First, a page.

Guest Opinion. Monday marks Indigenous Peoples’ Day, thanks to the tireless work of Indigenous advocates and allies who have worked to secure its recognition by municipalities, states, and the nation (although still not a federal holiday, Indigenous Peoples’ Day is a federally recognized holiday). Native Peoples were always here—at the time of contact—and now, thanks to the tenacity and resilience of our ancestors and the advocacy of our people today. When we celebrate Native heritage, cultures, traditions, and people today, we remember our ancestors’ many sacrifices and soberly reflect on the impact colonialism had on our people and our ways of living.
Of course, personally, as an Indigenous woman and President and CEO of the American Indian College Fund, every day is Indigenous Peoples’ Day for me. I grew up steeped in the Sicangu Lakota culture and traditions on the Rosebud Reservation in South Dakota. I raised my children in those traditions and they in turn are raising my grandchildren in our rich culture. My great-grandchildren are being raised in the culture. The circle continues. My family is a testament to our resilience as we honor and carry forward the ways of our ancestors.
Forty years ago, when I embarked upon my education career with the guidance of trusted Tribal elders and educators, it seemed almost fated that I would devote myself to lift others in Native communities as a teacher, tribal college president, and now as the president of the American Indian College Fund.
Today Native people are making headway and are earning rightful recognition in our nation, yet we still have a long way to go to be fully visible. Generations of political disenfranchisement, the removal from our sacred land, the removal of our children from our families, and the attempted elimination of our cultures and languages and erasure of us from history will take time to reverse.
The answer to creating greater visibility and success of Native people is education. The American Indian College Fund believes education is the answer to creating opportunities for Native students, their families, and communities, helping to pave the way for our children’s success. A college education uplifts graduates and their families while creating much-needed community leaders who serve as role models and offer hope that it is possible to make dreams a reality. In the process, an education ensures Native people are seen, heard, and valued.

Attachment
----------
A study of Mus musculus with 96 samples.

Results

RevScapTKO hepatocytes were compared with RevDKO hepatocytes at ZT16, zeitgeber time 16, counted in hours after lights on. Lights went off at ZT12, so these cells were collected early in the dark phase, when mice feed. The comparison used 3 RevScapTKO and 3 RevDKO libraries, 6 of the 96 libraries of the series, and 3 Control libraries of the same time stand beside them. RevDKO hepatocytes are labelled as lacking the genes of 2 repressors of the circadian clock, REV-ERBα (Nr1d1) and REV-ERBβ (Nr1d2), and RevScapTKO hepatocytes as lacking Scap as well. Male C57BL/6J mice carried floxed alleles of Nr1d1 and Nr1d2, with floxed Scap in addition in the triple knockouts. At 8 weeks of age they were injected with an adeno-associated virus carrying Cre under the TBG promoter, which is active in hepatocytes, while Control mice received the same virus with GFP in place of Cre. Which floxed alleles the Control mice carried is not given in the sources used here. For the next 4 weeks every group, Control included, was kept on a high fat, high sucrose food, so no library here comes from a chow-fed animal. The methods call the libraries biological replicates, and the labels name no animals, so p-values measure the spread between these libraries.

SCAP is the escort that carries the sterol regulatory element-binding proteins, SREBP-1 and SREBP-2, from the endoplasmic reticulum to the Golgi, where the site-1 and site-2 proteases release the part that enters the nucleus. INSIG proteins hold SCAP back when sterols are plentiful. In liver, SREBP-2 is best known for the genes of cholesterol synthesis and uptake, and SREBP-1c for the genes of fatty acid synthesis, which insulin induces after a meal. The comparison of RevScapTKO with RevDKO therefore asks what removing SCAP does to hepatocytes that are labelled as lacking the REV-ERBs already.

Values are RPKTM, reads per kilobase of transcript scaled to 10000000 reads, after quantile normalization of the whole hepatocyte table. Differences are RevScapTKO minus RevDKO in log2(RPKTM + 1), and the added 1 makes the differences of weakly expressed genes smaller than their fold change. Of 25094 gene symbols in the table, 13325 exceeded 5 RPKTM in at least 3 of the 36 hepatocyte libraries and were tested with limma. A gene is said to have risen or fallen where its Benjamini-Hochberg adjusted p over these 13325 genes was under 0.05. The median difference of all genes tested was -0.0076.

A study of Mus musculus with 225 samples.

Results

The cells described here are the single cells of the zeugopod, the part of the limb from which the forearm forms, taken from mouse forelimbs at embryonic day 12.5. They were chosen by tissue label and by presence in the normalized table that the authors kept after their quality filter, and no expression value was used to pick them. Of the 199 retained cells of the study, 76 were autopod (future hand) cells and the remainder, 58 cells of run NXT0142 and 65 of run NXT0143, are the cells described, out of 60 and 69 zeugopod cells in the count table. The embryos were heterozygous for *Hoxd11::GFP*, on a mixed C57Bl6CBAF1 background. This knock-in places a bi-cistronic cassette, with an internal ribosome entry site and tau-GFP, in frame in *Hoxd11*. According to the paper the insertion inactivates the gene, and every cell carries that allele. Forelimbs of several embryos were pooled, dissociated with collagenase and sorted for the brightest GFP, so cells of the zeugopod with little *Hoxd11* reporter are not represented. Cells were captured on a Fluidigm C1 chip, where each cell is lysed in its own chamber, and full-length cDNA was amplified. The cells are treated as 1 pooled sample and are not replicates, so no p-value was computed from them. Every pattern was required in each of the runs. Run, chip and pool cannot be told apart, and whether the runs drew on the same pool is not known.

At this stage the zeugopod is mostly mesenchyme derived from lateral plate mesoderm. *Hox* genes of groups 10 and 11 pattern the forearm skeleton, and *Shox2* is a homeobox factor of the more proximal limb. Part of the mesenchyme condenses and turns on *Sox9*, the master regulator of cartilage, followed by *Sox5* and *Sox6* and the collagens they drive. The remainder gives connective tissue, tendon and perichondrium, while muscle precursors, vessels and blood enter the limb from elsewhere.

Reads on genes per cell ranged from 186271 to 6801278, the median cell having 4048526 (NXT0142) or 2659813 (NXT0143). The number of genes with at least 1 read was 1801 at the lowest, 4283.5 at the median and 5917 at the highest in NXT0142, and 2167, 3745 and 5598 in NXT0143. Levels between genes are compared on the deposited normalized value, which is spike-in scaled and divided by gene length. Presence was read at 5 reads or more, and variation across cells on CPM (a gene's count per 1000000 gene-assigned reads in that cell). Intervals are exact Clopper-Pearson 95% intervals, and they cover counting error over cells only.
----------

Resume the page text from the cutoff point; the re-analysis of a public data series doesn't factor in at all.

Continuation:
But we also know the world is not always just. We have much work to do to create greater visibility of our students, welcoming learning environments, and a world that recognizes and honors the achievements, knowledge, and contributions Indigenous peoples have made throughout history and continue to offer.
We hope you will join us on our journey by supporting the American Indian College Fund, our students, and the 35 tribal colleges and universities that provide culturally based higher education for Native students. We also hope you will help us create greater visibility for our mission and Native peoples by reading a book by an Indigenous author, watching Native talent perform in television and movies, sharing the stories of our students’ successes with your friends and family, by attending our free virtual Indigebration Concert celebrating our mission and our students on November 1st, or by joining us for delicious Native cuisine at our Twin Cities EATSS Event November 10.
No matter what your interest, we have activities available to help create greater awareness of and greater opportunities for success for students, while giving you the opportunity to enrich your own understanding of our nation’s many Indigenous cultures and histories.
We look forward to you joining us in our work!
Cheryl Crazy Bull (Sicangu Lakota) has led the American Indian College Fund since 2012.
This month, we celebrate our 12th year of delivering Native News to readers throughout Indian Country and beyond. For the past dozen years, we’ve covered the most important news stories that are usually overlooked by other media. From the protests at Standing Rock and the rise of the American Indian Movement (AIM), to the ongoing epidemic of Murdered and Missing Indigenous People (MMIP) and the past-due reckoning related to assimilation, cultural genocide and Indian Boarding Schools.